Movie night

Going to the movies, with snacks, is easily $25 per person—that’s a $50 date night. If you go to one of those new theaters with cocktails, you’re looking at $40 per person. So when you’re broke, you can’t exactly be caught up on what’s in theaters.

The fix

Make movie night a real thing at your place. Don’t suggest that “maybe” you’ll watch a movie this week. Pick an evening and put aside three hours, just as you would for going to the theaters. Buy your favorite snacks, Que up a movie on the big screen, and mix some cocktails. Make a thing out of it.

Dinners with friends

Your rich friends want to try that new Austrian bistro that just opened up. Oh, what’s that? A piece of asparagus drizzled with lemon is $14 there? That’s not happening!

The fix

Host. Seriously, you can buy an already made rotisserie chicken for $10 or less, all the baked potatoes you want for a few dollars, and salad ingredients for a couple more dollars. You and your man can host dinner for yourself and two other couples for under $30. You look generous, and you all get to spend time together without the rush of a restaurant.

Travel

Traveling is pretty much out of the question when you are broke. But getting out of your usual surroundings, away from stress and obligations, is essential to bonding in a relationship.

The fix

Ask for favors. Don’t be shy to ask your friends who live in cities you can drive to, if you can stay with them, or even house-sit for them next time they’re away. And take the train: it’s almost always cheaper than the gas you’d need to drive, and it’s romantic.

Your parents

Your parents don’t cost money, but they can cost you peace of mind. They want to know how you and your partner are doing financially. If they sense you’re struggling, they’ll start to question whether or not your partner is right for you. They’re not superficial—they just want the best for you. But you don’t need the stress of your parents judging your relationship, on top of the stress of being broke.

The fix

Put on a happy face. I’m serious: unless you plan on asking your parents for money, there is no need to let them know you two can’t afford to go to the movies. So long as you are happy, they won’t question your finances or your relationship. So resist the urge to vent to your mom about wanting new leather boots.

Drinking

Drinking is so expensive. When your friends invite you and your partner out to a bar, you hear the wind blowing through your bank account.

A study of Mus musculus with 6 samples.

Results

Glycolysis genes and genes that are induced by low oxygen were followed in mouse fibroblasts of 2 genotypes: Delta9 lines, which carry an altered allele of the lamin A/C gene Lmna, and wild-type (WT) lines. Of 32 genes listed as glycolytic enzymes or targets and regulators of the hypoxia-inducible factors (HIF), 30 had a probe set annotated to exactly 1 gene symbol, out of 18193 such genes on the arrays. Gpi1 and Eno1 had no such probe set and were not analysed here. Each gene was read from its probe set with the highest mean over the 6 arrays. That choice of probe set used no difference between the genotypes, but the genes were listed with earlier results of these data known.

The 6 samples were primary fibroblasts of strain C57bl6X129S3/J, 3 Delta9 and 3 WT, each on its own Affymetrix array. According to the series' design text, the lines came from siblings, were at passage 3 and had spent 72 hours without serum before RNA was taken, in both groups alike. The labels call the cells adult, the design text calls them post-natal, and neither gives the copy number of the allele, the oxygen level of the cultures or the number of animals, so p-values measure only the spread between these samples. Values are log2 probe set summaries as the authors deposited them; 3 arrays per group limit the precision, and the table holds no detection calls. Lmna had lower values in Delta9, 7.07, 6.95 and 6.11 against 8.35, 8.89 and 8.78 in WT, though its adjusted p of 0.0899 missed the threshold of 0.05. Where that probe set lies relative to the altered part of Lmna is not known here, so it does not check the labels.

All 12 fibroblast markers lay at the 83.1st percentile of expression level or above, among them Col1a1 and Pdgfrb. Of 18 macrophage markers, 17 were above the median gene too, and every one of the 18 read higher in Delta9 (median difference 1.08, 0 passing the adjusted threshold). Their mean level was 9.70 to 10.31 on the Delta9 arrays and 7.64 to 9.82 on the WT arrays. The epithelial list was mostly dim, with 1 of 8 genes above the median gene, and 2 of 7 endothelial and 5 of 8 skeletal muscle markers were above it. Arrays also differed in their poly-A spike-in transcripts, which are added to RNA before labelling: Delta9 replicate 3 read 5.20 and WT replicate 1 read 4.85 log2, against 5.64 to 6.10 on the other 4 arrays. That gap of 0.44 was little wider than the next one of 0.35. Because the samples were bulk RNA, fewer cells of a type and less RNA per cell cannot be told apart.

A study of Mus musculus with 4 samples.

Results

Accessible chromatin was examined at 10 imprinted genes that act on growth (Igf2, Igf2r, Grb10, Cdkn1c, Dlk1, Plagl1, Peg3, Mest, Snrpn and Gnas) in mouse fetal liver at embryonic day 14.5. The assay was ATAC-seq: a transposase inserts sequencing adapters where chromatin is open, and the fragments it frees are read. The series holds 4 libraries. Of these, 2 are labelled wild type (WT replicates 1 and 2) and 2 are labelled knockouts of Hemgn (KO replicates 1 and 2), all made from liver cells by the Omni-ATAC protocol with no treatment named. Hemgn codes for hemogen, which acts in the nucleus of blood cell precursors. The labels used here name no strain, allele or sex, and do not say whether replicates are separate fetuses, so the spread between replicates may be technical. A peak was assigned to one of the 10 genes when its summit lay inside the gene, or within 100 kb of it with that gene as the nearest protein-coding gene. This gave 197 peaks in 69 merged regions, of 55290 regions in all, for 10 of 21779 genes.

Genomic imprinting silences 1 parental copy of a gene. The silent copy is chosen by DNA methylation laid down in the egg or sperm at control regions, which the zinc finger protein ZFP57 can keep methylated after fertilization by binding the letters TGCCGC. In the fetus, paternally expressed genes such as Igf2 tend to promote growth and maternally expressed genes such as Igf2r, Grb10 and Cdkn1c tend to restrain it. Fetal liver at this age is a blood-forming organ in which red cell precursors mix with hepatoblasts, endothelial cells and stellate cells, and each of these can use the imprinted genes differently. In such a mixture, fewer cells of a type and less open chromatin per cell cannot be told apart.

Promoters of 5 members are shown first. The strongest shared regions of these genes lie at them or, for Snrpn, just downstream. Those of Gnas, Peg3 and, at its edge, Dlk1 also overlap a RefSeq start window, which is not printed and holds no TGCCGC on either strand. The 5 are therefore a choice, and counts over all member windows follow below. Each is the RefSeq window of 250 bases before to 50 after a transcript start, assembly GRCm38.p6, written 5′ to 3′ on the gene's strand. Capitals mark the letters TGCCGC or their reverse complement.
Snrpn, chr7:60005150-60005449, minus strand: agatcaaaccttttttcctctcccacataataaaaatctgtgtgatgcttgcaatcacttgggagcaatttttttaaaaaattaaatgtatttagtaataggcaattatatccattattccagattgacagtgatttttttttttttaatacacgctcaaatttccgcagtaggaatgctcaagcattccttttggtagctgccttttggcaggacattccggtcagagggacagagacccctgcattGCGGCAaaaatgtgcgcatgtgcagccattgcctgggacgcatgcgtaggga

The fix

Once again, invite people over to drink. You can get two bottles of decent wine for under $20. And guess what? Your friends will each bring you alcohol as a hosting gift. You’ll end the night with more drinks than you started.

Drinking: part II

Oh come on: you know drinking is costly in a lot of ways. Another way drinking drains your wallet is taxis. Transportation can cost you as much as the cocktails.

The fix

If you absolutely must go to bars and drink, try this: one of you drives your car there and parks it overnight, you both take a Lyft Line (that’s the cheap version where you share with other riders) home, and the other person takes the first one back to their car in the morning.

 

The stress

Being broke is obviously stressful. It is on your mind all of the time. Your partner is the person you open up to about everything, so you open up to him about how broke you are. Before you know it, you spend your evening together commiserating about the price of gluten free pasta.

 

 

 

 

The fix

You have to have a rule that you don’t talk about money for more than a few minutes at the end of the day, or maybe not at all (unless it’s critical). Talking about how broke you are won’t put money in your bank account: it just steals moments from you. You won’t know what else is happening in your partner’s life, and you’ll be stressed out.

 

 

 

The most important fix

Be in the right relationship. If you’re truly with the person you’re meant to spend your life with, being broke won’t be so bad. You’ll have fun drinking PBR’s on the floor. If you’re with the wrong person, being broke is the worst: you can’t afford to distract yourself with expensive outings.